The events of 2022 brought untold pain for millions around the world. But they also generated an opportunity we cannot afford to miss: to tackle the energy and the climate crises, hand-in-hand.


Jean-Pascal Tricoire

Can 2022 accelerate positive change in the energy (and thus climate) arena? If so, the future will look much brighter.

Jean-Pascal Tricoire, CEO and Chairman, Schneider Electric

The year 2022 will go down in the history books as one of the most turbulent in decades. Against the backdrop of some of the worst climate-related events on record -- extreme heatwaves across Europe, a dried-up Yangtze River in China, catastrophic flooding in Pakistan – economies and societies around the world also faced painful geopolitical turmoil, and an energy crisis that caused prices to soar and exposed dependencies on supply.

However, for the glass-half-full people amongst us, 2022 will also be remembered as a turning point.

Because the root cause of these multiple crises – notably climate and energy -- is the same: an unsustainable energy model that relies heavily on carbon-dense energy sources like gas, coal and oil, and a limited supply provided by a limited number of suppliers pushing energy prices to a point that chokes the economy.

That means the solution is also the same: diversifying and decarbonizing energy sources and empowering all of us to better produce and manage the energy we need. The medium-term objective of reaching carbon neutrality to fight climate change fully aligns with the short-term objective of energy security.

Turning the hardships of 2022 into a catalyst for positive change

The events of 2022 brought untold pain to millions around the world. But they also generated an opportunity we cannot afford to miss: to tackle the energy and the climate crises, hand-in-hand.

Because as energy prices have spiked, the business case for investing in low-carbon technologies has never been greater, and the payback has never been faster. Meanwhile, the damage being caused to our environment is becoming irreparable.

We need to create a new energy future, one that allows both people and the planet to prosper.

We need a major acceleration on the demand side of the energy equation

So, what do we need to do?

Media headlines and roundtable discussions around the energy transition tend to focus on energy supply. That is, on phasing out the over-reliance on fossil fuels and building more wind turbines or solar farms.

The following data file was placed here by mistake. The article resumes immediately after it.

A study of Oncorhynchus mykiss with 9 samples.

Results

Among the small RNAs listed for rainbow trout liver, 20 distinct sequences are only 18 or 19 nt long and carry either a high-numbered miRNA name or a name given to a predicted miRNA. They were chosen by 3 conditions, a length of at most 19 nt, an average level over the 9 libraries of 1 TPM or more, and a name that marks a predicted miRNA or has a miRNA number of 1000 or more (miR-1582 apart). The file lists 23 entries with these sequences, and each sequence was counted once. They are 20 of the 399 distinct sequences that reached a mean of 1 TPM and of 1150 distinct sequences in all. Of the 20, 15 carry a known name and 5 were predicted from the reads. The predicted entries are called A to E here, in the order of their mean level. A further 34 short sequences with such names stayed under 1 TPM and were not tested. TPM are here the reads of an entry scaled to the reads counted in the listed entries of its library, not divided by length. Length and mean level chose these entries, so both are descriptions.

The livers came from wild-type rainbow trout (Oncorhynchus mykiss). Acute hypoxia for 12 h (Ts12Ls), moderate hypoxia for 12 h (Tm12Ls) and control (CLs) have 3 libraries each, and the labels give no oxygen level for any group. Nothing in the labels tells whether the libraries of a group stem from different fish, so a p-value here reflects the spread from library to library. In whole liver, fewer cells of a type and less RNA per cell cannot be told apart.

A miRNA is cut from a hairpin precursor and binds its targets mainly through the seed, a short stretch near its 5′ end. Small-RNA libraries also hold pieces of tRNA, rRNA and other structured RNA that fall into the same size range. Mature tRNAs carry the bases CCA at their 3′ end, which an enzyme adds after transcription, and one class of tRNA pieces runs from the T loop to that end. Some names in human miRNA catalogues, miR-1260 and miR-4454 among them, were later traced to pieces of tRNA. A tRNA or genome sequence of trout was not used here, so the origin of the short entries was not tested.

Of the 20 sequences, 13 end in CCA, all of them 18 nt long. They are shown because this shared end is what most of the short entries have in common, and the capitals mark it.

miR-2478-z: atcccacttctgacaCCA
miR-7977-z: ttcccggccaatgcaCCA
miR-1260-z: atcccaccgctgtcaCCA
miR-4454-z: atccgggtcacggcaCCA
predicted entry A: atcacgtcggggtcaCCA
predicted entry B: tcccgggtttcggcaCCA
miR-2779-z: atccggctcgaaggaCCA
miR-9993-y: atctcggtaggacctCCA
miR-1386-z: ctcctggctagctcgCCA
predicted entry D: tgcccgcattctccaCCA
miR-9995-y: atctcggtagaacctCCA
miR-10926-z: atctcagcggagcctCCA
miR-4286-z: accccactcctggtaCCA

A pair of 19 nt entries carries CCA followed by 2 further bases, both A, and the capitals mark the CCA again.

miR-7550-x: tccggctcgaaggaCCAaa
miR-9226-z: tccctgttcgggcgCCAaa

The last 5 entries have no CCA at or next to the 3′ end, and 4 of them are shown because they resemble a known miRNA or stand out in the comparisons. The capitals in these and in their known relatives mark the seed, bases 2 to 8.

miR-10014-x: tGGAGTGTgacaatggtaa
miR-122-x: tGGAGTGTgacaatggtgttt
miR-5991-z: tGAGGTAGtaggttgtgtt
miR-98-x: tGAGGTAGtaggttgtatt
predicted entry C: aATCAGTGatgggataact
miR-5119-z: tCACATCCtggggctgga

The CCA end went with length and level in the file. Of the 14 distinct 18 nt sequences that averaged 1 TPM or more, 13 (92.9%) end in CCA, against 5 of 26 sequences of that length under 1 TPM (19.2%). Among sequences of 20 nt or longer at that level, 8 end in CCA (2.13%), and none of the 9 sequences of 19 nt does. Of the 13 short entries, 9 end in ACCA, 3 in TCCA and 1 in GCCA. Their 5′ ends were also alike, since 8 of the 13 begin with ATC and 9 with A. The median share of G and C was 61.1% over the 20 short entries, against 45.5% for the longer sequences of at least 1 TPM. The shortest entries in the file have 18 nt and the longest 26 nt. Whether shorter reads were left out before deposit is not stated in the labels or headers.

That’s important. But it’s only part of the story.

The other part is about how we consume energy. According to the Schneider Electric Sustainability Research Institute, 55% of the transformations required to meet our carbon neutrality objectives, come from changing how we use energy -- the demand side of the energy equation.

This is about electrification, and energy efficiency – reducing the amount of energy we use or waste.

Addressing the efficiency issue is really a no-brainer. But the journey has to start with data. By connecting everything that uses energy, from the lights in our office buildings, to the machines in our factories, to the air conditioners in our homes, we can measure how much energy is consumed, when and where. Combine this information, and layer it with software, Artificial Intelligence (AI) and data analytics, and we can control and adapt our usage for maximum efficiency, decreasing our energy demand – by up to 30% in some cases.

The other crucial component is electrification.

This is about electrifying how we drive, heat our buildings, and cook. Replacing gas heating and combustion engine cars with electric heat pumps and EVs will massively improve energy efficiency and reduce CO2 emissions.

But it’s also about how we generate electricity.

We need to be realistic here. Although the share of renewables is fast increasing, fossil fuels will remain the most important part of our energy mix for quite some time. It’s just not possible to shift away from coal, oil and gas overnight, or even in the mid-term.

We can, however, work to make them cleaner – by reducing waste and increasing efficiency across the sourcing, production and transmission chain.

We can also mobilize many more people and empower them to make greater use of decentralized, local green-energy technologies, like rooftop solar, microgrids or tailored solutions, such as storing a building’s excess heat from cooling processes for later use.

Individual households or commercial buildings can generate their own electricity and choose what to do with it: charge their EV, or power their site, store it for use on a cloudy day, sell it to a neighbor or into the local power grid. And this makes for greater energy independence on a local level, too.

The time to accelerate towards a new energy landscape is now

All together, these big and little transformations can create a new energy landscape. One that’s more digital and electric for greater efficiency, reliability, and resiliency to external climate and geopolitical shocks of the kind we saw in 2022.

More importantly, much of this can be done now, with technologies that exist today.

It takes a multitude of players. It’s not just in the hands of the public sector and policy makers, but also – critically -- everyday individuals, and businesses large and small.

And it won’t happen overnight. But as 2022 ends and 2023 begins, one thing is clear: the need for rapid and determined action on decarbonization and energy security has never been greater.

The logic and business rationale for change, too, are more compelling than ever. Because the tools we can deploy to bolster our energy security and tackle climate change are the same.

And they put within reach a future in which every one of the 8 billion people on earth could have access to reliable, affordable, clean and safe energy.